The stock market is under pressure because 3 key sources of liquidity have dried up, Bank of America says

  • The stock market is under pressure because key sources of liquidity are drying up, according to Bank of America.
  • Quantitative easing from the Fed, fiscal stimulus from the government, and stimulus from companies have all ended.
  • Demand for cash is growing thanks to high interest rates, which means long duration stocks should underperform.

The stock market is likely to stay under pressure because three big sources of liquidity are drying up, according to a Monday note from Bank of America.

BofA equity strategist Savita Subramanian highlighted the end of quantitative easing from the Federal Reserve as the big liquidity source that is now being pulled back as the Fed reduces its more than $8 trillion balance sheet by nearly $100 billion per month.

“The two biggest buyers of treasuries – China and Fed – are done,” Subramanian said. The implications are higher interest rates and scarce cash, which could put pressure on long duration assets like unprofitable growth stocks, the same stocks that have soared so far in 2023.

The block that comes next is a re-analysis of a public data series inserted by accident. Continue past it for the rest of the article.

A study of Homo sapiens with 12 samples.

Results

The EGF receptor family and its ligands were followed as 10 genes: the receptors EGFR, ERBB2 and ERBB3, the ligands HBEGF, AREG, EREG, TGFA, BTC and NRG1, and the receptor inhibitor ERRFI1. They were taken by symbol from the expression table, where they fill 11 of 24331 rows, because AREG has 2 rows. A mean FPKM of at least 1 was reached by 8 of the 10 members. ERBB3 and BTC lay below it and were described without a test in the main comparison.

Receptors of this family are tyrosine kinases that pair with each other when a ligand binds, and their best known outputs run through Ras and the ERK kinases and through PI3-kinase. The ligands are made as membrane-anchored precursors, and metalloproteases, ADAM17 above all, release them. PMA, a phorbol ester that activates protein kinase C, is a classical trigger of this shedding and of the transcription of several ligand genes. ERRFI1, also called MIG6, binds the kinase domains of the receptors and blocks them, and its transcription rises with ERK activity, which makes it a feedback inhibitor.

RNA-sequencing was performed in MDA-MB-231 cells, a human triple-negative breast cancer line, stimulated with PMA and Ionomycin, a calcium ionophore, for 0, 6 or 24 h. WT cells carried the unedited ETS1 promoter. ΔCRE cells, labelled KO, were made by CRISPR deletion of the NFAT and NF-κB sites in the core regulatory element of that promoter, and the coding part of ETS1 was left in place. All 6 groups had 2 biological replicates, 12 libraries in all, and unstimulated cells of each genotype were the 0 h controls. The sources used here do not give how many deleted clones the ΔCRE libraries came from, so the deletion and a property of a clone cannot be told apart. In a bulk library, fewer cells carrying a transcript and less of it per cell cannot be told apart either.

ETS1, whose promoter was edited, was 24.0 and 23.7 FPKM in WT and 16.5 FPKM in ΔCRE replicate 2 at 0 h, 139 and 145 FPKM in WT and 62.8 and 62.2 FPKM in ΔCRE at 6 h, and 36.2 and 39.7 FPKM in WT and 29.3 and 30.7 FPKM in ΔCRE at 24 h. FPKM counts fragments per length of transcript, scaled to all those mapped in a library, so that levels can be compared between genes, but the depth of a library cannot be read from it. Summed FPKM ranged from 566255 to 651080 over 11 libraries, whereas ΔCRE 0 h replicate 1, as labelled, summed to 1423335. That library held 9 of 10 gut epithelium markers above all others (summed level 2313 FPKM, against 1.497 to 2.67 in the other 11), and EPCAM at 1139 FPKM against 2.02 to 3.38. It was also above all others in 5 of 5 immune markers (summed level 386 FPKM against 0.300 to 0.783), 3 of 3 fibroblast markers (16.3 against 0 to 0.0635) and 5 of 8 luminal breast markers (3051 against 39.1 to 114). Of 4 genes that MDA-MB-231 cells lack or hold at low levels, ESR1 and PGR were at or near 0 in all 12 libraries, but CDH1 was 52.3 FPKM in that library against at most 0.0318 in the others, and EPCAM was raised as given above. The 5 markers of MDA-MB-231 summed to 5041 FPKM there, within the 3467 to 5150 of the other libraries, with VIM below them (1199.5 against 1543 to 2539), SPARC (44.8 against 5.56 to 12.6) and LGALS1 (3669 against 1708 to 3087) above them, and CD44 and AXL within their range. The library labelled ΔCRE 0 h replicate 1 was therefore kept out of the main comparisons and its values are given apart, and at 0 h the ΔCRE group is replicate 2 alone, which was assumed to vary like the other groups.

On top of that, fiscal stimulus from the US government has ended and its unlikely there will be any more going forward because of gridlock in Congress. With Republicans threatening a debt ceiling showdown later this year, Subramanian sees little possibility that the fiscal stimulus the government got used to throughout the COVID-19 pandemic will make a return any time soon.

“Fiscal stimulus is unlikely with gridlock plus deficit hawks’ nuclear option – using the debt ceiling to force spending discipline,” Subramanian explained.

Finally, corporations are tightening their belts and have embarked on a wave of layoffs, especially in the tech sector. This comes after years of firing freezes due to the pandemic as companies look for places to cut costs ahead of a potential recession. 

All three sources of liquidity, from the Fed, Congress, and corporations, have the effect of pushing up interest rates which makes cash more attractive to investors at the expense of riskier assets like stocks.

“Cash is scarce and 5% more valuable: cash users (long duration growth) should cede leadership to cash sources (dividend growth, cash flow yield),” Subramanian said. In other words, expect a risk-off environment in which more stable investments outperform riskier ones. Essentially, a continuation of what worked and what didn’t in 2022.

Subramanian maintains her 2023 S&P 500 year-end price target of 4,000, basically flat to current levels for the benchmark index.